Fancy Dancer and the Seven Drums, John Roskelley’s first novel, traces its origins to the 1967 Omak Stampede, when a similar but more streamlined story first came into his mind. Here, Roskelley (’71 Geol.) discusses the roots of the narrative, his writing process, other works, and more.
Where did the idea for the book come from? Is it rooted in or inspired by any true events in your real life?
The idea for Fancy Dancer and the Seven Drums morphed from an early personal interest in central Washington’s unique place in American history to a more realistic focus on the diversity and lives of the people in the region. Early to mid-twentieth century along the Columbia River and throughout the region was a time of significant change for the country with dam building, resource extraction, and agriculture, but not much for those who lived on the reservations. So, rather than a single family or character to move the story, I wove in generational ties that span earlier decades as well.
How long did it take to write this book?
Fancy Dancer and the Seven Drums took quite a bit longer to write than each of my four nonfiction books. A similar but more focused story to Fancy Dancer had been on my mind since I visited the Omak Stampede in 1967. Then, in 2013 while paddling the Columbia River from source to mouth, I realized central Washington is so unique in its history and peoples that it needed its own story. But it wasn’t until January 2019 before I sat down and started to write this version of Fancy Dancer. My initial four months of writing came to an abrupt stop when my son, Jess, was killed on April 16 in a climbing accident in British Columbia. I spent the next six months investigating the accident. In February 2020, I started writing again on the novel and completed the first draft in August 2021. I signed a contract with Di Angelo Publications in early 2022, and it took close to a year for it to be published.
Talk about your research process. What did it involve? And how was it different from writing nonfiction books, such as guidebooks and memoirs?
Fancy Dancer and the Seven Drums is a historical adult novel, meaning I referenced historical events, places, and people of the time period to enhance the storyline and make my characters more realistic and their relationship with the land more accurate. To do so, my research was detailed, exhaustive, and checked with multiple resources. I did this with assistance from books of the period, such as B Street: The Notorious Playground of Coulee Dam, as well as court documents, such as a lawsuit filed by St. Mary’s Residential School students against the Society of Jesus, Oregon Province, and internet sites and other sources to learn details, including the parts of a nun’s habit, World War II battles in the Pacific, old vehicle designs, and the power of various smudge sticks.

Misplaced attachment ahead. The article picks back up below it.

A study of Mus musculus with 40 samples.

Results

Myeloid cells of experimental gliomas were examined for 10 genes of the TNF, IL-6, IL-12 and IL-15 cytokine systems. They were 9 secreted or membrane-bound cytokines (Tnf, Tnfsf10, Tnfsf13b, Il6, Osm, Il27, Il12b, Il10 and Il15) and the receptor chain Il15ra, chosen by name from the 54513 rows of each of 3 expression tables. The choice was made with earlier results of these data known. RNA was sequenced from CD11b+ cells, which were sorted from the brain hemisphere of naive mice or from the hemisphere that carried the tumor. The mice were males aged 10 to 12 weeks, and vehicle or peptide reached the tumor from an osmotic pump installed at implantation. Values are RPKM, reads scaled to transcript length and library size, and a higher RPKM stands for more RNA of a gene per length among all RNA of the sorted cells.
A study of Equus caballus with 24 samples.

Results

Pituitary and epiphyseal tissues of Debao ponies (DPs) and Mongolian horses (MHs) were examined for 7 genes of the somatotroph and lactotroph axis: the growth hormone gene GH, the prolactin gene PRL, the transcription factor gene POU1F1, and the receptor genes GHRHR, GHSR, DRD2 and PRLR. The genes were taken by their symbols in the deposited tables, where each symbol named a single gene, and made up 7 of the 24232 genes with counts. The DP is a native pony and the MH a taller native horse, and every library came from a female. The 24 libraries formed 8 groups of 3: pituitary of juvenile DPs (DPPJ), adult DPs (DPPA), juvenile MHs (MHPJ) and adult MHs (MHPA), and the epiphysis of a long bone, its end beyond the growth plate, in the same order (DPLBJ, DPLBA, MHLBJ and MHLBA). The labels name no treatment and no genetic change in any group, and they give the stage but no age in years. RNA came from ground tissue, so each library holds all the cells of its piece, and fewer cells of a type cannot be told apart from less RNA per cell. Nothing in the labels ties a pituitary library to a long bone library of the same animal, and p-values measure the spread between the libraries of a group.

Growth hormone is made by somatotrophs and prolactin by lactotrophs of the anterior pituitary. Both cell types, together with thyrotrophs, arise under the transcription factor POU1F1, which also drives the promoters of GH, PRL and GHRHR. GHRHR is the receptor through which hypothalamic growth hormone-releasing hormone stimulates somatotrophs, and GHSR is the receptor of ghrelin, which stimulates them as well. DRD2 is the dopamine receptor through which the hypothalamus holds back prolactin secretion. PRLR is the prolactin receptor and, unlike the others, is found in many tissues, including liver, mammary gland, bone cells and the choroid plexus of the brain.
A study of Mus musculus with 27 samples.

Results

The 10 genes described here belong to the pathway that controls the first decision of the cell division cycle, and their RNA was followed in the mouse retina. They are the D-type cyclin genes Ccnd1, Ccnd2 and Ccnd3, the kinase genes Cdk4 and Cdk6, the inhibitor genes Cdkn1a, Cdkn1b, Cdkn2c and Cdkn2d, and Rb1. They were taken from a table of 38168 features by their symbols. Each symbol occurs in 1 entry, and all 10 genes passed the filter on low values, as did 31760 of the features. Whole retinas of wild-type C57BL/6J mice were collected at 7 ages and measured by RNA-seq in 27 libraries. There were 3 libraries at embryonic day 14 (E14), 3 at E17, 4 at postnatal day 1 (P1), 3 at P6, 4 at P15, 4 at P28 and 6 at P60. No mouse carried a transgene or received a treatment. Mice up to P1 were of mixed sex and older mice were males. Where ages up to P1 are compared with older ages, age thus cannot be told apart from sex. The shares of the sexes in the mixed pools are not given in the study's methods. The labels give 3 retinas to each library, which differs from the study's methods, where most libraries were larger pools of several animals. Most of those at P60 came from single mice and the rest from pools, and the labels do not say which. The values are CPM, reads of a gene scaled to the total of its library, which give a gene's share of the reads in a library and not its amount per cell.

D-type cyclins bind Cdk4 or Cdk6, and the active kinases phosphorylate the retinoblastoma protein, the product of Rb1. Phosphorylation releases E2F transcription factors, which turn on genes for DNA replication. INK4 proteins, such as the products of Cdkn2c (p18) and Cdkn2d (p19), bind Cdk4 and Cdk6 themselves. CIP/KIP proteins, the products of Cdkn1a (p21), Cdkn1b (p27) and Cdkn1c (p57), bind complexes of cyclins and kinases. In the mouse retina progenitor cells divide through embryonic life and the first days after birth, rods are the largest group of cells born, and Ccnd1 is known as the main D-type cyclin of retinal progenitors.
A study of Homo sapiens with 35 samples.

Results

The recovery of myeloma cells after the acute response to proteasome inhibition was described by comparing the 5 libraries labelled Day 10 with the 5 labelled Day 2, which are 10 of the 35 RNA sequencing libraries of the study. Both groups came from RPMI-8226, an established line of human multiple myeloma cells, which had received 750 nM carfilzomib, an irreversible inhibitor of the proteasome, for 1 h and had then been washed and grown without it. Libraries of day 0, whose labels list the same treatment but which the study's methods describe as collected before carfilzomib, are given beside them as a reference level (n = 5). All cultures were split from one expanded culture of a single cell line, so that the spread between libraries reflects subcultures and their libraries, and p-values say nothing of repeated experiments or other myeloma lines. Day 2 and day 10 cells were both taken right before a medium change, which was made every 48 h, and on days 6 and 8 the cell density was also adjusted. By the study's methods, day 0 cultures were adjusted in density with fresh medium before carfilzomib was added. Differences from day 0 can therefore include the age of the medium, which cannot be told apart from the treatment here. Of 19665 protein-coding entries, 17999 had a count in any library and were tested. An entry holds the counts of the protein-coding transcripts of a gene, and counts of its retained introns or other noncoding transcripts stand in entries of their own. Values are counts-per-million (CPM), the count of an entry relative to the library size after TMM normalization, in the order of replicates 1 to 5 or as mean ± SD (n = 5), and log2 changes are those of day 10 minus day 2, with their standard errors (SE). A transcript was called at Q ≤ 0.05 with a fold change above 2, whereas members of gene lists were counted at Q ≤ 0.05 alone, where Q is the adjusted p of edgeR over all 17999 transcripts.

I wrote my nonfiction, first-person narratives from journals, letters, photographs, and interviews with my partners. For the most part, I wrote them in the time sequence as they happened. As I knew the characters and events intimately, they were not complicated. My guidebook, Paddling the Columbia: A Guide to All 1200 Miles of Our Scenic & Historical River was easier to paddle than to write, as it took quite a bit of research, mapping, and detail. Nonfiction usually doesn’t branch off from the story that happened. But novels, like Fancy Dancer, provide opportunities for the author to move the characters and storyline in different directions as these elements evolve.
What were some of the challenges of writing about a culture different than your own? And what were the most difficult parts of this story to write?
It was a huge challenge, not just from the standpoint from the Indigenous cultures, but also from the perspective of Latino migrants, Japanese Americans, and western immigrants, all of which are in the novel. It was something I was certainly aware of on every page. That’s where in-depth research helped me overcome this issue and gave me confidence in telling the story. I knew I had limited knowledge as to the intricacies of these cultures, but there are many similarities our cultures share that bind us. Those similarities enable authors like me to write and portray characters of many different cultures, genders, and ages appropriately.
I think the most difficult passages in the story to write were those involving priest sexual abuse of children at St. Mary’s Residential School on the Colville Reservation. There is no way I can put myself into the situation my character Sally was in with her abuser, but I can imagine her fear, loathing, and pain, and try to put that into words.
Describe the audience you have in mind for this book. Who is this book for?
Fancy Dancer is a historical adult murder mystery novel. The reader is someone who enjoys the process of solving crimes and historical content and, in this case, the crime takes place on the Colville Indian Reservation in the mid-twentieth century.
What do you hope readers take from this story?
Fancy Dancer is a novel, but its roots are in reality. Since the first Europeans landed on this nation’s shores, our prejudice, our greed, our inhumanity defined our relationship with the Indigenous populations. Our government did everything it could to kill them off: corral them on reservations and, at residential schools, execute cultural genocide. The reader will recognize that even in the mid-twentieth century, the time of this novel, that our relationship with these people had not changed—and the prejudice still resonates today.
What writing projects are you working on next?
My next project will be editing and finding a publisher for a compilation of personal stories written about my son Jess, by his family, friends, acquaintances, and climbing partners. It would be hard to make up a better character for a book than Jess.